New diabetic drugs look promising, but won’t be enough to manage the epidemic
DR. SHAFIQ QAADRI
Special to The Globe and Mail
Health Advisoris a regular column where contributors share their knowledge in fields ranging from fitness to psychology, pediatrics to aging. Follow us@Globe_Health.
‘I’m sorry, but your sugar is still too high,” I tell my anxious patient, reviewing his blood work. Sathees, a 39-year-old who has had diabetes for six years, has been dreading this moment. But he accepts my verdict, knowing I will prescribe more medication – adding to the five tablets that he’s already taking.
For diabetics, this is a typical scenario, repeated thousands of times a day in clinics across Canada. Too frequently, the medications we use to treat diabetes just fade away, losing their sugar-reducing effect.
“Therapies tend to fail over time,” says Prof. Bernie Zinman, who spoke recently at a conference at the Li Ka Shing Knowledge Institute, University of Toronto. That’s why family docs have to pile on more and more pills in an attempt to prevent diabetes complications – heart, kidney, eye and nerve damage.
“No way,” Sathees pleads, “I don’t want injections.” He hasn’t lost weight, shrugs when I ask about regular exercise, and won’t cut down on his precious carbs – his daily bread and rice. “Just give me another tablet,” he insists.
Fortunately for him, a promising new class of diabetes medications is expected in Canada. (Release dates have been delayed, as regulators have asked for more data from the manufacturers.) These novel pills work in an entirely different way, have fewer side effects, are heart-smart and even promote weight loss. Though the names are unpronounceable – canagliflozin, dapagliflozin, empagliflozin – these new tablets will be a welcome addition to our menu of diabetes medications.
This newest generation of medicines is known as sodium glucose transport-2 (SGLT-2) inhibitors. “These medications use the kidney to excrete excess sugar,” explains Dr. Richard Gilbert, chair of Diabetes Complications Research and head of endocrinology at Toronto’s St. Michael’s Hospital.
How does this work? The kidney is the body’s blood filter, working like a pool pump, to remove junk and return cleansed water back into the system. The kidney flushes out waste products into the urine, while recapturing the good stuff – sugar, proteins and other nutrients. The new pills, the SGLT-2 inhibitors, block this reabsorption of sugar. The result? You urinate out sugar, reducing the amount left in your bloodstream.
Remarkably, this promotes weight loss. “These medications help to offload excess calories,” says Gilbert. Over time, patients can expect to lose three to five kilograms. That may not sound like much, but it is a paradigm shift. For example, the first-generation pills, known as the SUs, actually cause weight gain.
As with all medications, there are trade-offs. All that sweet water flowing out from the kidney is not without side effects. These new pills do cause a modest increase of bladder and genital infections. The extra sugar concentrated in the urine acts as a banquet for bugs. It also increases urination, “an extra one void [time] per day,” explains Gilbert. But generally, these side effects are mild and manageable.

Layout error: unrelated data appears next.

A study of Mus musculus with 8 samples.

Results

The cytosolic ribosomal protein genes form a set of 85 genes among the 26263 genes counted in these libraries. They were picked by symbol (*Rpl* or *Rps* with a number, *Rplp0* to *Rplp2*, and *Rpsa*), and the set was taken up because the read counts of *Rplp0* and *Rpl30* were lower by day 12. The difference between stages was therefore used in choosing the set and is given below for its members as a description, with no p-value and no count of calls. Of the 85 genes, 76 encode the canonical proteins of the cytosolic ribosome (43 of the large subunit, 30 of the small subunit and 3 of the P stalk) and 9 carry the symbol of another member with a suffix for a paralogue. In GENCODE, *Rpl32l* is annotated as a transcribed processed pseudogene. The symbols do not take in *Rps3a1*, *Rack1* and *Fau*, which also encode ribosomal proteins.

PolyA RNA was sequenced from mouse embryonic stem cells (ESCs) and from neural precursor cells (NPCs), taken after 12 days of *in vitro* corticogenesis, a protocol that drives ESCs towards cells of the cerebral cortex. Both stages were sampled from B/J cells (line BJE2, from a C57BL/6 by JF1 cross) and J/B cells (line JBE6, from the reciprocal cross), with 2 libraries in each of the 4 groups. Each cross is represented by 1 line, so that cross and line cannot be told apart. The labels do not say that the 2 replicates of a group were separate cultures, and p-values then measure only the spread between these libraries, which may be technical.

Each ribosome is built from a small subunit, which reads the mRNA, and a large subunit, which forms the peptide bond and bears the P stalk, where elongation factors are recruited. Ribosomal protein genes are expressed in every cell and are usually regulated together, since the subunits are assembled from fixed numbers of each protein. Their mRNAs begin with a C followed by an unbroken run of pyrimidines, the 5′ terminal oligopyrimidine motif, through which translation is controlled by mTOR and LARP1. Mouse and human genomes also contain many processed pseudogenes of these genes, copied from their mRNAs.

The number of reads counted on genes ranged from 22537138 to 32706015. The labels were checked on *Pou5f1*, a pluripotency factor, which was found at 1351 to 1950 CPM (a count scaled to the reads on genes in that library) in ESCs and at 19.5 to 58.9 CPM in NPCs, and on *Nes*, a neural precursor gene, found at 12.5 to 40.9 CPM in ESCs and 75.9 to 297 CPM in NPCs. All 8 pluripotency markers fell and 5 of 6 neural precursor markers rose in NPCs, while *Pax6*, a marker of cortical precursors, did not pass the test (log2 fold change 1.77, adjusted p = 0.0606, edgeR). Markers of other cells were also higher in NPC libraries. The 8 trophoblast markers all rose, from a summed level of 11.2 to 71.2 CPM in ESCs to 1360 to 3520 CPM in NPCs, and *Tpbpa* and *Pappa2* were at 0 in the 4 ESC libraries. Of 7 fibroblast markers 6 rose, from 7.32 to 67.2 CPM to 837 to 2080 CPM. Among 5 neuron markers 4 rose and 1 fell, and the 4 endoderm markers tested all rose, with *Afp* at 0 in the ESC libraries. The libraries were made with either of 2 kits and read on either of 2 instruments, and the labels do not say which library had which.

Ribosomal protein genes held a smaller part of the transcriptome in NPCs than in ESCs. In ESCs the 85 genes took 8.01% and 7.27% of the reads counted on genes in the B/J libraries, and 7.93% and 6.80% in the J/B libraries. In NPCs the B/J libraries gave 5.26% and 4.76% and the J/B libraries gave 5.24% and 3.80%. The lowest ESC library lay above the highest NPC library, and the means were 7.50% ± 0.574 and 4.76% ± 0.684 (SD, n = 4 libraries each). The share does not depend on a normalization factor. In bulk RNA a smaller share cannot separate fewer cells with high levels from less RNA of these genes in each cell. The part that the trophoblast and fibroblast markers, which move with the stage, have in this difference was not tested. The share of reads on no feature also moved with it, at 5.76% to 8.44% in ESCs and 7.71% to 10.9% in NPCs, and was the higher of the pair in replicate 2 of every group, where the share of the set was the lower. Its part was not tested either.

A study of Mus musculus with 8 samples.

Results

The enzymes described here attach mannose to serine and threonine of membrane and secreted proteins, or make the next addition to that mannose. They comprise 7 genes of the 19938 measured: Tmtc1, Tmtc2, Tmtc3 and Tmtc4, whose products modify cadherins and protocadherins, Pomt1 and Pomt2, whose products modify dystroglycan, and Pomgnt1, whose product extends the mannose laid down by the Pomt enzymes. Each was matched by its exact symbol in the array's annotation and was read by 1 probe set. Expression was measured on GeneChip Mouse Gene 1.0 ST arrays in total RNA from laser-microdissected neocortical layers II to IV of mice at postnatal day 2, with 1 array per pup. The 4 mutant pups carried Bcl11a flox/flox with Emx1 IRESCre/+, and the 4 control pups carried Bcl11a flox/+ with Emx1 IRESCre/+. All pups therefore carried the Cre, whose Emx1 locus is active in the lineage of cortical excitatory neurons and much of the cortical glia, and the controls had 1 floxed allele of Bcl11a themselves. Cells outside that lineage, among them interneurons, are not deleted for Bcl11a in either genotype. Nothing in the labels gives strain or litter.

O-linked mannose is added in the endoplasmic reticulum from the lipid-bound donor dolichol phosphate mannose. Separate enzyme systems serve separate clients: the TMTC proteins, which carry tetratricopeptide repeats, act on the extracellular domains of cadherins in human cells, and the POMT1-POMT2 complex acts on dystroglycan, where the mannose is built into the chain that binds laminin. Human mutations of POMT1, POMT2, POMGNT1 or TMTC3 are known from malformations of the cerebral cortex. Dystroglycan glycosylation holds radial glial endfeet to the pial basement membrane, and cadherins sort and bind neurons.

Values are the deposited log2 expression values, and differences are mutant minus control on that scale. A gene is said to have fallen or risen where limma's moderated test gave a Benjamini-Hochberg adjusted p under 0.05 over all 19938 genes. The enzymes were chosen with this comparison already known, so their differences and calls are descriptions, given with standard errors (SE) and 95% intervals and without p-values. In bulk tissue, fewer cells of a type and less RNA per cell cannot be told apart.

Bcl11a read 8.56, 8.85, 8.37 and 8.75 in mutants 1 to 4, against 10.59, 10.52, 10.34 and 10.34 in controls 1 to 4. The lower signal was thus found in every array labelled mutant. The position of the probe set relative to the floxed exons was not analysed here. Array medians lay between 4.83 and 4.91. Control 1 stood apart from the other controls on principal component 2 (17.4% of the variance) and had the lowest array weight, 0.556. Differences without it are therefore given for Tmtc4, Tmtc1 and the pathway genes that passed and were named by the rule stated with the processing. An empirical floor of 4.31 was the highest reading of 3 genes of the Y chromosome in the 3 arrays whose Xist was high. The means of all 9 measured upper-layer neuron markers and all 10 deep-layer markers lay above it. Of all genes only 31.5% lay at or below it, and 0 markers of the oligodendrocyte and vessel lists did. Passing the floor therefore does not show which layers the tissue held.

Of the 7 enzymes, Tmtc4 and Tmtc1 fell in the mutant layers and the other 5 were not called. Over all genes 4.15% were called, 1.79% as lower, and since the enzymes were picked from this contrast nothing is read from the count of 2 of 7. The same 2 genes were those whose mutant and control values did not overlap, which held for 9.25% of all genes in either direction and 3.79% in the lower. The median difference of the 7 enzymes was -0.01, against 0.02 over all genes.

What is particularly valuable is the fact these new agents do not cause sugar-crashes, known as hypoglycemia, which is a dreaded side effect of older diabetes medications. When your blood sugar sinks too low – say, below 4.0 – you start to sweat, tremble and your pulse races. Without ingesting sugar right away, you faint. Several such bad episodes can cause heart attacks. That’s why Dr. Subodh Verma, a leading heart surgeon and decorated researcher at the University of Toronto, values the SGLT-2 inhibitors. “We must protect the heart … and these agents have much less potential for hypoglycemic events.”
Managing the coming diabetes epidemic won’t be easy. Right now, there are three million Canadians with diabetes. Six million more are prediabetic: They are diabetics-in-training, on course to develop the disease with their current lifestyle. There’s a whole generation of adolescents who study, play and socialize by computer – a digital world in which physical activity is unnecessary.
That’s why the Canadian Diabetes Association released a call to arms, the first Diabetes Charter for Canada, during ceremonies Monday across the country. Like a bill of rights, the charter outlines the duties and responsibilities of patients, health-care providers, governments, schools and the public.
Richard Blickstead, the president and CEO of the CDA, referred in a press release to “specific ethnocultural populations” who have a higher incidence of diabetes. The same day, Peel Public Health published a diabetes atlastracking the disease in particular neighbourhoods. In Brampton, for instance, people of South Asian and Caribbean backgrounds account for one of the highest rates of diabetes in Ontario. Streetscapes that discourage walking in those neighbourhoods were also named as a contributing factor.
While no single diabetes pill can tame an epidemic, it is vitally important to have an ever-expanding list of treatments. As doctors, we need to prescribe multiple tablets earlier, be more aggressive in controlling sugar and vigilantly screen for organ damage. We anticipate that the SGLT-2 inhibitors will be a significant addition to the cocktail of medications offered to Canadians – and an important piece of the evolving diabetes puzzle.